Why it matters: A wide-ranging study of social media data practices could lay the groundwork for more enforcement from the agency, as well as legislative recommendations to Congress.

Driving the news: Wilson said she supports studying how tech companies use children’s data, and then pushed for a broader review of data practices during an interview I conducted for C-SPAN’S "The Communicators."

  • The FTC can order companies to answer questions about business practices for wide-ranging studies that don’t have a specific law enforcement goal, under what's known as 6(b) authority.
  • As the FTC considers updates to its children's online privacy rules, advocates have pushed the agency to conduct such a study on children’s data. Wilson said she thinks the commission should do that, and more.
  • “ I think more generally the social media companies that we interact with essentially every day raise significant and important questions that I think the FTC needs to delve deeper into,” Wilson said. “So, for example, how information is collected and shared and monetized, and how that feeds into algorithms and how that affects the content curation of the algorithms and the promotion of certain content. I think the more we know in this area, the better.”

Don’t forget: The FTC already is conducting a study on broadband providers’ privacy practices, seeking information from Comcast, Google Fiber, T-Mobile, Charter, and AT&T and Verizon advertising subsidiaries.

  • That effort, announced in March, is focused on the categories of personal information collected about consumers or their devices, whether customers have a choice in what’s collected, and the processes to change or delete the information.
  • Wilson cautioned there could be constraints on the agency’s ability to conduct the studies. The FTC has to seek additional clearance if it wants information from 10 or more companies through a study.

The big picture: The FTC has already penalized Facebook with a $5 billion fine for privacy violations. Although critics said it wasn't enough to change the company's behavior, it was an unprecedentedly huge settlement.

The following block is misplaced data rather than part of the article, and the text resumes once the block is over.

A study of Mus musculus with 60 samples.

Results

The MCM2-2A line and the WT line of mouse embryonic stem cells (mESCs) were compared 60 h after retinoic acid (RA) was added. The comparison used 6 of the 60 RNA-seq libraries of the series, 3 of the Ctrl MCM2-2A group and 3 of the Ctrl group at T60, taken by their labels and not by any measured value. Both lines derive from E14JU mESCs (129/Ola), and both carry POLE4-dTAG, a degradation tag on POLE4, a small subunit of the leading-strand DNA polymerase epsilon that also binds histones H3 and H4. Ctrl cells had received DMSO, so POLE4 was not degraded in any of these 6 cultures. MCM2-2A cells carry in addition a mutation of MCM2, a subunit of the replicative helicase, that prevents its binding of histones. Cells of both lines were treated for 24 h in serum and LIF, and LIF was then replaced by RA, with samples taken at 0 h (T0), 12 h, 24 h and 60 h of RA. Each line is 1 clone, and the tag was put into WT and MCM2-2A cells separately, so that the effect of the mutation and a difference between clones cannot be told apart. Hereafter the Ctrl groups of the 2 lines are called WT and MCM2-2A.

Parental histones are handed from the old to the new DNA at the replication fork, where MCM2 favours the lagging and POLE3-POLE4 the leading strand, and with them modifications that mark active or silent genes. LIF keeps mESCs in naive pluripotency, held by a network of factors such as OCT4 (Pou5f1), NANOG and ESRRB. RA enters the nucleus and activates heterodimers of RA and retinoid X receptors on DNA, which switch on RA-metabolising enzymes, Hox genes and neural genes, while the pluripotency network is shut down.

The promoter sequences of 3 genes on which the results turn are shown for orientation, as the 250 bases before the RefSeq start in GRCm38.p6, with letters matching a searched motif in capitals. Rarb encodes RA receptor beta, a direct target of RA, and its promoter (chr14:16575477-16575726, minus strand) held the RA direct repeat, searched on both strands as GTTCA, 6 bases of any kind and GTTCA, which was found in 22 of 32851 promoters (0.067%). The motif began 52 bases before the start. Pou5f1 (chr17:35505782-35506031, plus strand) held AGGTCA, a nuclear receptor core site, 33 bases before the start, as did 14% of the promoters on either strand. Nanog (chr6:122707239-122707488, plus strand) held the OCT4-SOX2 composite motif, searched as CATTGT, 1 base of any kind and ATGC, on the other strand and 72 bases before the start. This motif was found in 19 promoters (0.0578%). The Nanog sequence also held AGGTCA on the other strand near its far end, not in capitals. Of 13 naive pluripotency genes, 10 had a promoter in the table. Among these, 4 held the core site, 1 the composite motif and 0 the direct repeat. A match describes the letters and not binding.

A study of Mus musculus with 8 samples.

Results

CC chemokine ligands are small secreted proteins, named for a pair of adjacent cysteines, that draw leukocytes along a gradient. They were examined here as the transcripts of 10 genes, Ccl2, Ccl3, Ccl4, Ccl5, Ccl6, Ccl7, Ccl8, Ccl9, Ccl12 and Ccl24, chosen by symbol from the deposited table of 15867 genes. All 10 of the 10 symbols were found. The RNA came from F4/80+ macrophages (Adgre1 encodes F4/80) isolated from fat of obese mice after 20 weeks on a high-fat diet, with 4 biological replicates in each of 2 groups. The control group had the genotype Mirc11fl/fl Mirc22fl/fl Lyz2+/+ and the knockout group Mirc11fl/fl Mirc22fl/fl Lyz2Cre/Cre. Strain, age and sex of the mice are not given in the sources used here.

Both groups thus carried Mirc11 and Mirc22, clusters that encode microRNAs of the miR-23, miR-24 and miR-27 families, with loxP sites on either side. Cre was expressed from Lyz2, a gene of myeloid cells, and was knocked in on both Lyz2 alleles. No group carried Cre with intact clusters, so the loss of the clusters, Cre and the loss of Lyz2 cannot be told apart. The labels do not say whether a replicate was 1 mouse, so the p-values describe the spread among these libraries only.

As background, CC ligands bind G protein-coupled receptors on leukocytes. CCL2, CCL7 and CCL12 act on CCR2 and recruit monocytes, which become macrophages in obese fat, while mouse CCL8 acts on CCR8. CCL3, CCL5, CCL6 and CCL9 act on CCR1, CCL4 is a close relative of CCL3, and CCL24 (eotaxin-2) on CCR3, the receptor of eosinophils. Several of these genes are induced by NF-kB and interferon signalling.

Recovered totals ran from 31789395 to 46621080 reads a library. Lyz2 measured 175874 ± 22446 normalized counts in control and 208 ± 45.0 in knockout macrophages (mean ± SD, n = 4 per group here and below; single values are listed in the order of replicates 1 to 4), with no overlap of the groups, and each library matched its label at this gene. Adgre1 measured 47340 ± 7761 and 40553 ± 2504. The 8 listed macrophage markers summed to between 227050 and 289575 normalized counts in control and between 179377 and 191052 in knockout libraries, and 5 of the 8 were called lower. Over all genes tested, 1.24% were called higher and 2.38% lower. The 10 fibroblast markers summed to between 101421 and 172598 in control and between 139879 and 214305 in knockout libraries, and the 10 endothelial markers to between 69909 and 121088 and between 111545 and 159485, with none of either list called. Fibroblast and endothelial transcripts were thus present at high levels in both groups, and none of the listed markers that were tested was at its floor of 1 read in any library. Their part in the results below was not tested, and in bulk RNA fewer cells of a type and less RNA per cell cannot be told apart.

Go deeper

Dion Rabouin, author of Markets
1 hour ago - Economy & Business

How the tech stock selloff is hurting average Americans

Expand chart
Data: FactSet; Chart: Axios Visuals

Investors holding the ultra-popular Nasdaq 100 and S&P 500 index funds have been hard hit over the last two weeks as tech shares have been roiled by rising U.S. Treasury yields.

Why it matters: Even though the economy is growing and many U.S. stocks are performing well, most investors are seeing their wealth decline because major indexes no longer reflect the overall economy or even a broad swath of public companies — they reflect the performance of a few of the country's biggest companies.

2 hours ago - World

UN rights chief: At least 54 killed, 1,700 detained since Myanmar coup

A Feb. 7 protest in Yangon, Myanmar. Photo: Getty Images/Getty Images

Police and military officers in Myanmar have killed at least 54 people during anti-coup protests, while "arbitrarily" detaining over 1,700 people, United Nations Human Rights Commissioner Michelle Bachelet said Thursday.

Why it matters: Protesters have demonstrating across Myanmar for nearly a month, demanding the restoration of democracy after the country's military leaders overthrew its democratically elected government on Feb. 1.

3 hours ago - Health

The danger of a fourth wave

Expand chart
Data: The COVID Tracking Project, state health departments; Note: Anomalous Arkansas case data from Feb. 28 was not included in the calculated change; Map: Andrew Witherspoon/Axios

The U.S. may be on the verge of another surge in coronavirus cases, despite weeks of good news.

The big picture: Nationwide, progress against the virus has stalled. And some states are ditching their most important public safety measures even as their outbreaks are getting worse.